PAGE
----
When playing in the sandbox that is the Detroit Tigers blogosphere, many of us are bound to cover the same territory from time to time. And if you step away for a bit or are slow with the trigger finger, you'll quickly discover that your peers have already covered something you meant to write about.

That's kind of a long way of saying that a few other Tigers bloggers (for instance, The Detroit Tigers Weblog, Mack Avenue Tigers, and TigerBlog) have already responded to the Brandon Inge stories that have run in the local papers over the past week or so regarding his future with the team, and I'm not sure what else to add to the discussion. (EDIT: Big Al's chimed in on the subject, as well.)

To me, Inge's fate brought a touch of bittersweet to the excitement over the Tigers acquiring Miguel Cabrera. I remember when I told my mother that getting Cabrera probably meant Inge would be squeezed out in Detroit, and she quickly looked surprised and sad. But Mom wasn't really thinking as a baseball fan. She works at Mott Children's Hospital and is fully aware of Inge's contribution to the facility and its patients. The idea of someone willing to give his time and money to the community being discarded because the team got a better player at his position didn't make a lot of sense to her, and I imagine plenty of other fans share that opinion.

Obviously, it's what happens on the field that matters most. But it's also nice to see things work out for good people. I had similar feelings last week after watching Lloyd Carr's last game with Michigan in the Capital One Bowl. Yes, I understood that it was time for a change in the Michigan football culture, and I'm extremely excited about Rich Rodriguez taking over as head coach. But Carr should be the kind of coach you want, someone who's as much an advocate for the school and what it offers as he is for the football program. Of course, that's not the world we live in.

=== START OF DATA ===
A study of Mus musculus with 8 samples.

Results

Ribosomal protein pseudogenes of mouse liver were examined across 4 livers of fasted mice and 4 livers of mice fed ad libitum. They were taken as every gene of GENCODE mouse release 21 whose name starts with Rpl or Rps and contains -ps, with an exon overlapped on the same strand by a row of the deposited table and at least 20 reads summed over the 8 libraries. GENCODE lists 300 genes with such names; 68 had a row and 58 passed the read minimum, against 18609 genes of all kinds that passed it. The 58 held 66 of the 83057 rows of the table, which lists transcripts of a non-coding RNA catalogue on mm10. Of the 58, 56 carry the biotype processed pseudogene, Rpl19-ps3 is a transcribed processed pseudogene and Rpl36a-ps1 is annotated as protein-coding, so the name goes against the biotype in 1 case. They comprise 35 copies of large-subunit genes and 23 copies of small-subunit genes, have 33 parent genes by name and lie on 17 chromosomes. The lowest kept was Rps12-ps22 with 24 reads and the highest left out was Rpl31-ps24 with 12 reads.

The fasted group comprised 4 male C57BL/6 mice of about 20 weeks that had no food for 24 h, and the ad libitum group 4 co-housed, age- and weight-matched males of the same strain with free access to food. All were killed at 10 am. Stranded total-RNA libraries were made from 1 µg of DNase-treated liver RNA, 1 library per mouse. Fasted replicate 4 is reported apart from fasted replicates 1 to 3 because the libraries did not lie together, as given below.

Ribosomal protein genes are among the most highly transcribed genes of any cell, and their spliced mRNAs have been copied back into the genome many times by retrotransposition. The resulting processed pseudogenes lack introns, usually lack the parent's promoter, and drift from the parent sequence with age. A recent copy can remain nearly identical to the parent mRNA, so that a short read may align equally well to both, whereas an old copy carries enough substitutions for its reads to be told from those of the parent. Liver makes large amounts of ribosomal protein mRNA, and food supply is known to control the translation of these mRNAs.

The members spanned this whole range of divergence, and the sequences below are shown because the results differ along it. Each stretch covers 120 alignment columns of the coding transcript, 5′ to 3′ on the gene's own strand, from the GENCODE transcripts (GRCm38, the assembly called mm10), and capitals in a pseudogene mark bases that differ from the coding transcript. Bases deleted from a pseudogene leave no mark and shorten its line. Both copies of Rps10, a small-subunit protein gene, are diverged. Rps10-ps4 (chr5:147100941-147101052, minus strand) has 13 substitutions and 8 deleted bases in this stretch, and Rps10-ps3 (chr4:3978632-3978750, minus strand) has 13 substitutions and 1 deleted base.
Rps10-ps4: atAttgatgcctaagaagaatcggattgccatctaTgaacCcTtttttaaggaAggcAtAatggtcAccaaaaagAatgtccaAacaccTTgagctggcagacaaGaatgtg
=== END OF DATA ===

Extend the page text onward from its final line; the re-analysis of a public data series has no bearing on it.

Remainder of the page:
But those who have frowns could have them turned upside down. This story could still have a satisfying ending for all sides involved. It's not necessarily a given that Inge will be playing in another city this season. As we've known since the end of the Winter Meetings last month, Inge could help some other major league teams, but they're not interested in paying the remaining $19 million on his contract. Not with the sort of numbers Inge put up last season. (.236/.312/.376, 14 home runs, 71 RBIs, and 150 strikeouts.)

So if the only way Detroit can make a trade is to eat most of that salary, why not keep him and take full advantage of his athletic skills? No, it's not ideal. The Tigers would be paying $6 million a year for a utility player. (That's more than the Angels pay their super-sub, Chone Figgins.) And from Inge's point of view, I can only imagine that it's rather embarrassing to see someone else take your position. That wouldn't be enjoyable in any profession. (Unless you hated your job, like Inge did when he was the catcher.)

But the Tigers wouldn't just let him collect a paycheck on the bench. Inge could fill in at five to six positions around the field. And it could be wishful thinking, but maybe his hitting will improve without the pressure of having to fulfill that contract. With a rejuvenated bat, along with versatility in the field, Inge would not only be helping the Tigers, but he might also become appealing to a team previously unwilling to deal for him in the offseason.

It would be nice to see Inge in that locker room spraying champagne after a Tigers World Series victory. And metro Detroit would definitely enjoy his continued presence in the community. Hopefully, such a possibility ultimately means more to him (and to the team) than possibly playing third base for a non-contender. If not, he's certainly earned the right to fight for a new start elsewhere.